Pokémon 2000 Adventure Game (partially found browser-based online game; 2000)
Pokémon 2000 Adventure Game was an online game developed by Cyberworld International Corporation as a tie-in to Pokémon: The Movie 2000. It utilized Cyberworld's proprietary QBORG technology to display 2.5D environments in a specialized browser. According to Neil Marshall, who served as a programmer and technical director for the project, the game was only available for four weeks before being pulled due to "a contract dispute". However, at least one file existed as late as 2003, and the front page of the game existed as late as 2009 according to Wayback Machine.
The beginning of the game has the player set their name, choose a Pokémon team, and selecting difficulty. The player navigates a 2.5D environment, with web pages displayed on a side panel allowing for further interaction with the game world. The goal of the game was to travel to three islands, each guarded by one of the three legendary bird Pokémon, Moltres, Zapdos, and Articuno, and retrieve an Ancient Sphere from each island.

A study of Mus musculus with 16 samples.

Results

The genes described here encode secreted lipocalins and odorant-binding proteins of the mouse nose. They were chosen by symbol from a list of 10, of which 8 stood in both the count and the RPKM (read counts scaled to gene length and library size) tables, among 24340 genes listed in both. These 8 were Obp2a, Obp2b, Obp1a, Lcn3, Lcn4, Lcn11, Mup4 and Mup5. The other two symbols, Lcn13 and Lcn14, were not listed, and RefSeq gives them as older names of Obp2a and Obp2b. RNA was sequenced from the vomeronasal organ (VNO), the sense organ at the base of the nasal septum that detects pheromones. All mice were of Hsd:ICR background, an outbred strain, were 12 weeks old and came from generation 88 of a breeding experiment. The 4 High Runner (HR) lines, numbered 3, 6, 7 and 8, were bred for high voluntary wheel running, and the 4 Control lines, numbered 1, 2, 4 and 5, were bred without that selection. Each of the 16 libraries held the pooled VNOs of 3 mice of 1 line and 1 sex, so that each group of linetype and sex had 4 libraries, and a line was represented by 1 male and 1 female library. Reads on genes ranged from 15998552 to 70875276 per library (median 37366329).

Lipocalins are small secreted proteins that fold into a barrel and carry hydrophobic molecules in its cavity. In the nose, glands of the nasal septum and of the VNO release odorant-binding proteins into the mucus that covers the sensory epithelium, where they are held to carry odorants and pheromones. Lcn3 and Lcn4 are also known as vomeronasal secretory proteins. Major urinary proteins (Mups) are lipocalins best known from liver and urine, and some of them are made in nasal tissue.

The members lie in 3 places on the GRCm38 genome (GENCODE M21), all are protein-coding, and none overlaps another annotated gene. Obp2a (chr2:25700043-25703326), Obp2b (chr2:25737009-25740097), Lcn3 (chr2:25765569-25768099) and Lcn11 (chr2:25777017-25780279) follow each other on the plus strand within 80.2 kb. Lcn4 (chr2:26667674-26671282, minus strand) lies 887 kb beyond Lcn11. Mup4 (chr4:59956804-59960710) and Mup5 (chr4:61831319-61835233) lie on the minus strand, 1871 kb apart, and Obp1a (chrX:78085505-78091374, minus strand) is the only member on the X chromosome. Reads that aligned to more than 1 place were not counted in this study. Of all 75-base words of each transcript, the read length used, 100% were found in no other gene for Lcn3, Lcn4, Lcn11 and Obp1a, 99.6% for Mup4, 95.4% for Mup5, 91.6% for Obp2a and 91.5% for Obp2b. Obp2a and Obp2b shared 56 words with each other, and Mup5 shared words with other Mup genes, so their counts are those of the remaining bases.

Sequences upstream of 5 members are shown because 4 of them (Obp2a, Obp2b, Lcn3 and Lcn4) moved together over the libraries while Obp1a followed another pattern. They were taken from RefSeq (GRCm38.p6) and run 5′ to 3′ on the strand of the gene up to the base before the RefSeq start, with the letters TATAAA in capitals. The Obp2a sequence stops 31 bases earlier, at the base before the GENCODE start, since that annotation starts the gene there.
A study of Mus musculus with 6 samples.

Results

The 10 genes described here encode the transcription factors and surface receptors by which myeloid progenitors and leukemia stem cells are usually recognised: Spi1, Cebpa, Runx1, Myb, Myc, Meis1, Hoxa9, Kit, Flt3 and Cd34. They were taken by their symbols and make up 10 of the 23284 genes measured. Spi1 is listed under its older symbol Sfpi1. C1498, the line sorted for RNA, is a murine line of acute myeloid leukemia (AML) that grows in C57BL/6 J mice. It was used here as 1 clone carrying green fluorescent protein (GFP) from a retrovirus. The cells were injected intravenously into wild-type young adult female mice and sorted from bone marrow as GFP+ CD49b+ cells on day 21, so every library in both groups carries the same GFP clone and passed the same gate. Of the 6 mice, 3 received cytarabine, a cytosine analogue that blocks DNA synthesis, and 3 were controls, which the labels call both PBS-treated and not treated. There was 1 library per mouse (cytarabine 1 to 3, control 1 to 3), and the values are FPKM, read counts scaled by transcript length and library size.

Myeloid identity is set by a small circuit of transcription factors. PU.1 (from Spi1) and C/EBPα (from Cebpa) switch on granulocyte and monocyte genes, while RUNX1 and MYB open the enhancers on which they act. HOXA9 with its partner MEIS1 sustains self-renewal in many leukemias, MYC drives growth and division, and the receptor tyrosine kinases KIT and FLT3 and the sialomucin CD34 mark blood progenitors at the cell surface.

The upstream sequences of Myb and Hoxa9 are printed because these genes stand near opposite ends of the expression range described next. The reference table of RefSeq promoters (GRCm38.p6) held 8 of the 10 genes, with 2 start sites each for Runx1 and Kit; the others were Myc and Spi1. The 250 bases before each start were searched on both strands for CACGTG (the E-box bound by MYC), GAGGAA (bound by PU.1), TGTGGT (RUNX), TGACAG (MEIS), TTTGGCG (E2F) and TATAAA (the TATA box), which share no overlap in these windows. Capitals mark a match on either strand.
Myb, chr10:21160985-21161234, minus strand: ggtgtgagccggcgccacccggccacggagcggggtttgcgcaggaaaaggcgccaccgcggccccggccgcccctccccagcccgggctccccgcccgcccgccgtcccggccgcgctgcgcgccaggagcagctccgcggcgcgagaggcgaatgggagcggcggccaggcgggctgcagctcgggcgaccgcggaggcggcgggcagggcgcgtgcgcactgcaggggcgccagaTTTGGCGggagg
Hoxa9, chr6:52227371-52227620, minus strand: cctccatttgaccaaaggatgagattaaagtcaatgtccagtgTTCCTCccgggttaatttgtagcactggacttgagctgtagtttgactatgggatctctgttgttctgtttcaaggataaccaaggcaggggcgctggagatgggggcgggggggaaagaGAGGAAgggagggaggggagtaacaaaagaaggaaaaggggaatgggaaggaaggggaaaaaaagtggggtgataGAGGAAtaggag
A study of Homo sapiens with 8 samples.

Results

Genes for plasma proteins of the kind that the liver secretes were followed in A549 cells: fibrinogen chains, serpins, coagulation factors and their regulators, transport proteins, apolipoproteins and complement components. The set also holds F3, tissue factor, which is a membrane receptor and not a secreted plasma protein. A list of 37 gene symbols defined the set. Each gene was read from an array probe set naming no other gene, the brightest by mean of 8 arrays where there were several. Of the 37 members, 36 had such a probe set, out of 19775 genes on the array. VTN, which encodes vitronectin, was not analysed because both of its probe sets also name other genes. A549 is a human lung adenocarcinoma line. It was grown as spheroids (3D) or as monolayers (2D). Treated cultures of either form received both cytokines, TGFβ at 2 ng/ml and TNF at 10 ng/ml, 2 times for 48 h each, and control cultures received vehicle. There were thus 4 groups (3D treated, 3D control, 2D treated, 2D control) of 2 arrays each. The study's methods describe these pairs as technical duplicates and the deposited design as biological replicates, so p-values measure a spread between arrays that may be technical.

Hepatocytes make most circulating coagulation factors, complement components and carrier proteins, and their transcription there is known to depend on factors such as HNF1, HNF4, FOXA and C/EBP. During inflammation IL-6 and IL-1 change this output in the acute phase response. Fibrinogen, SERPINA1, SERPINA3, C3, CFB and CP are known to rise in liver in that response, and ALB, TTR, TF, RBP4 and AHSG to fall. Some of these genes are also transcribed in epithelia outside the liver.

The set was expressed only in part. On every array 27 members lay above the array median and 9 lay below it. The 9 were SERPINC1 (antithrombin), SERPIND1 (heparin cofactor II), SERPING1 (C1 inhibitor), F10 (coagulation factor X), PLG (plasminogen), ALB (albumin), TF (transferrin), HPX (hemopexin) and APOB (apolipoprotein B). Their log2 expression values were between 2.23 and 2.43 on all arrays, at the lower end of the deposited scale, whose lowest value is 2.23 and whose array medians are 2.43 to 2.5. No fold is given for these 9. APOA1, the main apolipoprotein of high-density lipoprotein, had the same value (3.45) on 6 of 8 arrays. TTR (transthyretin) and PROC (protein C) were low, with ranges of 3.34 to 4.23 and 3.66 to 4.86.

Each island involves multiple levels and barriers that the player overcomes using their Pokémon team. There are also other Pokémon scattered throughout as well as Poké Balls that have a chance of either leveling up a Pokémon or resulting in a random Pokémon from their team being stolen by Team Rocket. At the end of the island, there is a shrine that the player gets an Ancient Sphere from by answering trivia questions. There seems to be no information on what happens when all three Spheres are acquired.
Warner Bros. has since shuttered the domain the game resided on. Between archives of it and of the older domain www.p2kthemovie.com, all that is left of the game are some HTML and supplementary files, shortcut files used to display said HTML in the browser, some sprites, and seven levels.
LMW user DoomTay has also contacted Marshall about obtaining a more complete copy of the game, but he has replied stating that he did not keep a copy because the browser "wouldn't run past a specific date (or it was tied to an old version of Internet Explorer and wouldn't work anymore)" In actuality, the browser has been found to work in Windows 10 with little issue, apart from a minor visual glitch rectified by resizing the window).